September Seminar: Verdi’s Don Carlo and Friedrich von Schiller

September 16, 2018

Sunday, September 16, 2018

Dorothy Chandler Pavilion, 5th Floor

Orientation for New Members: 11:30 AM

Program: 12:00 PM to 3:00 PM

Speakers: Michael Hackett and Simon Williams



Michael Hackett      Simon Williams

Michael Hackett and Simon Williams

Michael Hackett is a professor of directing and theater history in the UCLA School of Theater, Film and Television. He has directed for the Royal Opera, Covent Garden; the Royal Theatre at The Hague; the Centrum Sztuki Studio and Dramatyczny Theatre in Warsaw; Santa Fe Short Story Festival; Los Angeles Philharmonic at the Hollywood Bowl; the Los Angeles Opera (children’s series); Musica Angelica; the Geffen Playhouse; Antaeus Company; Getty Villa and Getty Center and fifteen radio productions for L.A. Theater Works. Known to opera audiences in Southern California, he has lectured extensively for the Opera League and for LA Opera and, in recognition of these activities, was given the Fifth Annual Peter Hemmings Award by the Opera League.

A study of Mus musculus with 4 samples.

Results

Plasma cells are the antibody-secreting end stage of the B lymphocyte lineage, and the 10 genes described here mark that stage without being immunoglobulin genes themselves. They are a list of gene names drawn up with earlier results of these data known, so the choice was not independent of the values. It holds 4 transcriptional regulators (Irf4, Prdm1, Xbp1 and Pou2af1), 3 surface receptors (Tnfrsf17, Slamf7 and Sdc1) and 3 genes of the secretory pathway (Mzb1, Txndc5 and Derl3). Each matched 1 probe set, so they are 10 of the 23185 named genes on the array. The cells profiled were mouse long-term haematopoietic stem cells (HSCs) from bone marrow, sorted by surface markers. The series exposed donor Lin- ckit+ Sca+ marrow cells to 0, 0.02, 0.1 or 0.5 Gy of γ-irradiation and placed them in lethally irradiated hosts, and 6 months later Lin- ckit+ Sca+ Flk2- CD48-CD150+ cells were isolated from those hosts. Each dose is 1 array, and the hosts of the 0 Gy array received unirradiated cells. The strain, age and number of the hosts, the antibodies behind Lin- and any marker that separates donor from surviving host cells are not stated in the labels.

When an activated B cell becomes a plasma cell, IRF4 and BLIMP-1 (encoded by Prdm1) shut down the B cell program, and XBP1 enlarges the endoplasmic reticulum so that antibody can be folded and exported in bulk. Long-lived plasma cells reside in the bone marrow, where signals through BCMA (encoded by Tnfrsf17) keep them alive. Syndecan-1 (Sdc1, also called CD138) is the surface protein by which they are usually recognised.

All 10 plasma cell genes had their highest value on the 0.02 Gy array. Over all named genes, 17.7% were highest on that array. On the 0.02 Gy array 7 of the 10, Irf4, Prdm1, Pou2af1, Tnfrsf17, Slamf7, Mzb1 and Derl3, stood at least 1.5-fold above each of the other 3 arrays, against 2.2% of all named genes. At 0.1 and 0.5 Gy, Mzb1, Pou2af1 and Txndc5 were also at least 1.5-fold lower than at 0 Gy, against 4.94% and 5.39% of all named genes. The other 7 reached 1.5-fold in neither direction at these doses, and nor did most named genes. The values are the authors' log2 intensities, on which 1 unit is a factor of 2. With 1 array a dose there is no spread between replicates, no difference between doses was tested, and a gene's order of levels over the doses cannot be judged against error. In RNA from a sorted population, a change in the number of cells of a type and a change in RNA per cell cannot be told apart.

Simon Williams is a professor in the Department of Theater and Dance at UC Santa Barbara and a favorite speaker of the Opera League. He is widely known as an authority on opera, having spoken well over 200 times to several of the leading opera guilds and societies in the US, Europe and elsewhere. Notable was his presence at the Bayreuth Festival, where he delivered the English language audience lectures for three years. He has published two books on Wagner – Richard Wagner and Festival Theatre (Greenwood, 1994) and Wagner and the Romantic Hero (Cambridge University Press, 2004) – and has published chapters in multi-authored volumes on opera.